Minn. Senate eyes user fees for Vikings stadium
Sen. Julie Rosen, the stadium bill sponsor, proposed imposing user fees on suites, parking and Vikings merchandise as the Senate debate began, a day after a different version of the stadium bill cleared the House with votes to spare.
Rosen's amendment — adopted on a 40-26 vote — would levy a 10 percent fee on suites and on parking within a half-mile of the stadium, and impose a 6.875 percent fee on Vikings clothing, trading cards and other memorabilia.
Earlier Tuesday, a Vikings executive warned state lawmakers against making major changes to the financing proposal, saying they risked losing the team's support for the deal. Vice President Lester Bagley criticized changes made by the House when it passed the bill on Monday, particularly a provision that shifted $105 million of the cost from the state to the team. That provision isn't currently part of the Senate bill.
"People who are opposed to this are going to do all they can to muck this up," Bagley said in an interview on ESPN 1500 radio.
Bagley pointed to a bill for a new Twins ballpark that cleared the Legislature in 2002, only to fall apart later. It took the team another four years to win legislative support for a workable bill.
Bagley didn't immediately return a call from The Associated Press.
Though the Vikings have misgivings about the changes the House made to the bill, its approval Monday marked the team's first victory in its yearslong quest for a new stadium. Bagley called it "the first hurdle" in a process.
Bagley said the team's owners aren't prepared to shell out $105 million more beyond a prior $427 million private commitment toward construction of the stadium. Under a plan negotiated last winter by the governor, key lawmakers, the Minneapolis mayor and the team, the state would pay $398 million, with the money coming from an expansion of gambling. The city of Minneapolis would kick in $150 million by redirecting an existing hospitality tax.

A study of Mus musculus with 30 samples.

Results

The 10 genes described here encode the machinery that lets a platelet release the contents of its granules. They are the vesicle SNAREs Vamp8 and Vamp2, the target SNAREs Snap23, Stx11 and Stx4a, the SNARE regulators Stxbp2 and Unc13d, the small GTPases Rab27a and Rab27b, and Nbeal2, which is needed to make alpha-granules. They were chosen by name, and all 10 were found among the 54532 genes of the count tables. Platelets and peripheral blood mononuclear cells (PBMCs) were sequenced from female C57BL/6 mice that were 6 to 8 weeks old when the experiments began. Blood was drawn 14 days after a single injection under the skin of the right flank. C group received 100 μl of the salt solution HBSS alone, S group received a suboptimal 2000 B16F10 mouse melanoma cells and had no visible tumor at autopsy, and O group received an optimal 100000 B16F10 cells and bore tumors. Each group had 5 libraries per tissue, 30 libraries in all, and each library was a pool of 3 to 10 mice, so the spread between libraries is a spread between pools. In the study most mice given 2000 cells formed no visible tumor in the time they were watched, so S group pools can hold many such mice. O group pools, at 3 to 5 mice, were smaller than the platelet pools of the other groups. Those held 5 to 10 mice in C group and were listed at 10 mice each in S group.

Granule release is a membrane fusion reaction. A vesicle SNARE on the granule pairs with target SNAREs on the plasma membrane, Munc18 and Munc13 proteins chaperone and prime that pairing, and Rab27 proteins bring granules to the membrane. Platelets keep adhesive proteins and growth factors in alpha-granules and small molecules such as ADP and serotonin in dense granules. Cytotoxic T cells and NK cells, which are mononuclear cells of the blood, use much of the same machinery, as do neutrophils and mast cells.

But lawmakers will have the final say on how big a taxpayer subsidy is provided.
The bill passed the House with support of more Democrats than Republicans despite the GOP controlling that chamber. It reflects a hard push by organized labor, which has promoted the plan for a new Vikings stadium as a much-needed boost for the construction sector.
Gov. Mark Dayton hailed the vote by thanking fans who have flooded lawmakers' phone lines, email inboxes and the Capitol itself to push for passage. Several stood outside the House chamber singing the team fight song after the vote.
Dayton urged fans to keep up the pressure in the days ahead.
Many who were against the bill raised concerns that the proposed expansion to gambling would not raise sufficient money to repay bonds, putting the stadium debt in direct competition with schools, nursing homes and other valued programs that need state funds.
The amendment raising the team's share won strong bipartisan approval, but even some supporters acknowledged that it could be softened later on. Another added amendment would give the state a bigger portion of any proceeds from a team sale once the stadium is built, a guard against an owner who could cash in on an asset expected to increase the franchise value.
The Vikings are no longer under a Metrodome lease, leaving some to worry they could bolt if they don't have a new stadium after next season.
"This is your chance to prove you don't want the Vikings to leave," Rep. John Kriesel, R-Cottage Grove, said just before the vote.